Last time out, I listed, as Ed Norton would say, Comcast's good pernts.
Today, we'll be dealing with Comcast's bad pernts.
#1) It is almost impossible, whatever your problem is, to get anyone on the phone.
After signing up with them, and receiving equipment from them, I had to install a few things so I could have cable in at least one room, and have internet access.
I called Comcast, and got recorded message choices.
Then, after making the appropriate choice, was asked by the recorded lady to enter the ten digit phone number associated with the account.
I was told that no such account exists.
This occurred repeatedly.
After appearing at my local Comcast store, providing them with the information, and being handed equipment.
I also had an appointment scheduled for five days later, the earliest they could do it, for technicians to complete the full installation.
I was handed a modem, so I could hook up the Wi-Fi.
I knew how to do that.
I did it.
My devices indicated that it had been done successfully.
One problem though:
I couldn't get on the internet.
On any of the devices.
Oh, I could go outside of my house, and get the internet on my IPhone.
But not inside the house.
It was being blocked inside the house, for some reason.
I wanted to find out what that reason was, thus the attempted call to Comcast.
Where I was told repeatedly that no account exists.
Then, at long last, my account was recognized by the recorded lady.
This put me on a recorded loop, where I was asked the same questions over and over again.
I then realized that you had to be a Navajo Code-talker to get to speak to a human being.
Whatever was asked, I responded by relentlessly hitting "Zero" on my phone.
Eventually, this got me to a human being, who spent the first three minutes ignoring me while laughing and chatting with his fellow workers.
When he finally noticed that there was someone on the other end of the phone, we got down to business.
I asked him why I had no internet access.
After dancing around this question for about a half-an-hour, he noticed that I had a technician appointment in five days.
And that was why I had no internet access.
THEY had to turn it on.
This begged the questions "Why wasn't I told this?", and better yet, "Why was I handed a modem?"
The answers to both questions were "I don't know."
I wanted to call my local Comcast store to get answers.
Twenty minutes there, and twenty minutes back, by car.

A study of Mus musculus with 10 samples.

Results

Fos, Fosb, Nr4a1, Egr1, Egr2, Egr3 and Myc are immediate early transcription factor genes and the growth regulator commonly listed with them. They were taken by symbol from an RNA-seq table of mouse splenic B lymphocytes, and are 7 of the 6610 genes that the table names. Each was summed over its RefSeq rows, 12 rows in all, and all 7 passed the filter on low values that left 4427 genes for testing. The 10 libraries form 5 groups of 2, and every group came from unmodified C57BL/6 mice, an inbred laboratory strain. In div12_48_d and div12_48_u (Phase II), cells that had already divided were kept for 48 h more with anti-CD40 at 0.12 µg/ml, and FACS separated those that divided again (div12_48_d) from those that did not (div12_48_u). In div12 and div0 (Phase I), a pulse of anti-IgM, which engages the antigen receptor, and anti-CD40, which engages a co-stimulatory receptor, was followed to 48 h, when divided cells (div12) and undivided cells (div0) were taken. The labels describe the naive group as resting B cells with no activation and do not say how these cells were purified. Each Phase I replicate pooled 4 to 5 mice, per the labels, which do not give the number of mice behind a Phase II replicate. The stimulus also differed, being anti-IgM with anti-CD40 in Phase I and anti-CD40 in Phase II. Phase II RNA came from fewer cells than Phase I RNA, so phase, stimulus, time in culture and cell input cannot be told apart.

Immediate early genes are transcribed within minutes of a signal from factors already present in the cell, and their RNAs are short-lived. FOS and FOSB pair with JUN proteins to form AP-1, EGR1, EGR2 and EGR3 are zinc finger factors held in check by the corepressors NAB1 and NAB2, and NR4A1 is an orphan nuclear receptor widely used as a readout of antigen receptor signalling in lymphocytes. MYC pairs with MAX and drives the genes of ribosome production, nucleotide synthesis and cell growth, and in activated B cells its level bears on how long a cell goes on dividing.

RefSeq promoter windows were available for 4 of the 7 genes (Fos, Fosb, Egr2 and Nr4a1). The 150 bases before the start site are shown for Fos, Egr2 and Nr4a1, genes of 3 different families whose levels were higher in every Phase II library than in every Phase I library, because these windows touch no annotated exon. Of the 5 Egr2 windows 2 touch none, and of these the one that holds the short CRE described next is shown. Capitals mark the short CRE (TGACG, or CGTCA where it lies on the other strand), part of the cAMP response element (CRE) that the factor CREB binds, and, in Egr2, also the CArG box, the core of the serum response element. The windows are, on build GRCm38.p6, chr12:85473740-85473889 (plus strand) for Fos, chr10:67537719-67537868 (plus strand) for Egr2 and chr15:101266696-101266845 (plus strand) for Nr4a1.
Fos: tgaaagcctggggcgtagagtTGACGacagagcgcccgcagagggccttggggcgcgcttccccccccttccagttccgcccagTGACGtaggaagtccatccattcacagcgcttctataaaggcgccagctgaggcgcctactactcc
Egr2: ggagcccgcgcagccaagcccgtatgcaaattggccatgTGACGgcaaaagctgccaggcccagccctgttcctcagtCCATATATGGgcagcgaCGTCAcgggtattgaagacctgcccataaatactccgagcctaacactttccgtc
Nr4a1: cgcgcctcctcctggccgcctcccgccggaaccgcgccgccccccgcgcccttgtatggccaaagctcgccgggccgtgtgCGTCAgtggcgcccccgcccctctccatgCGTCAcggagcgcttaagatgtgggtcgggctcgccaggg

Time I could have saved if they had a local phone number that you could call.
Like all U-Verse stores do.
But they don't.
They are unreachable by phone.
So I shlep there by car, only to get the same answers that I got from the deciphered phone call to Comcast.
Of course, the moron who handed me the modem was off that day.
I suggested that we call her, only to be met with "We don't disturb employees on their days off."
Apparently, it didn't matter how much I was disturbed.
So I went five days without internet, except for my IPhone, which did provide it once I disconnected the Wi-Fi.
How spoiled I have become.
That's all I got, is #1.
But I think it's enough.
My books ,"Show Runner" and it's sequel, "Show Runner Two", can be found at the Amazon Kindle Store.
Along with the newer ones, "The Man Is Dead", and "Report Cards".
You can search by typing in my name, Cindy Williams, Laverne and Shirley, The Odd Couple, or Happy Days.
Check them out.
You don't need a Kindle machine to download them.
Just get the free app from Kindle, and they can be downloaded to an IPhone, IPad, or Blackberry.
The paperbacks, "Mark Rothman's Essays" and my new novel, "I'm Not Garbo" are not e-books.
But they are available for people without Kindle.
I have many readings and signings lined up for those, and the thing about Kindle is you can't sign one.
If you'd like one of the paperbacks, personally autographed, contact me at firstname.lastname@example.org.
And now, we've got my reading of my "Laverne and Shirley Movie" screenplay on YouTube, and my 4-hour interview at the Television Academy's Emmy TV Legends Website.
Here's the link:
- Hi. I am, according to my Wikipedia entry,(which I did not create) a noted television writer, playwright, screenwriter, and occasional actor. You can Google me or go to the IMDB to get my credits, and you can come here to get my opinions on things, which I'll try to express eloquently. Hopefully I'll succeed. You can also e-mail me at email@example.com. Perhaps my biggest claim to fame is being responsible, for about six months in 1975, while Head Writer for the "Happy Days" TV series, for Americans saying to each other "Sit on it."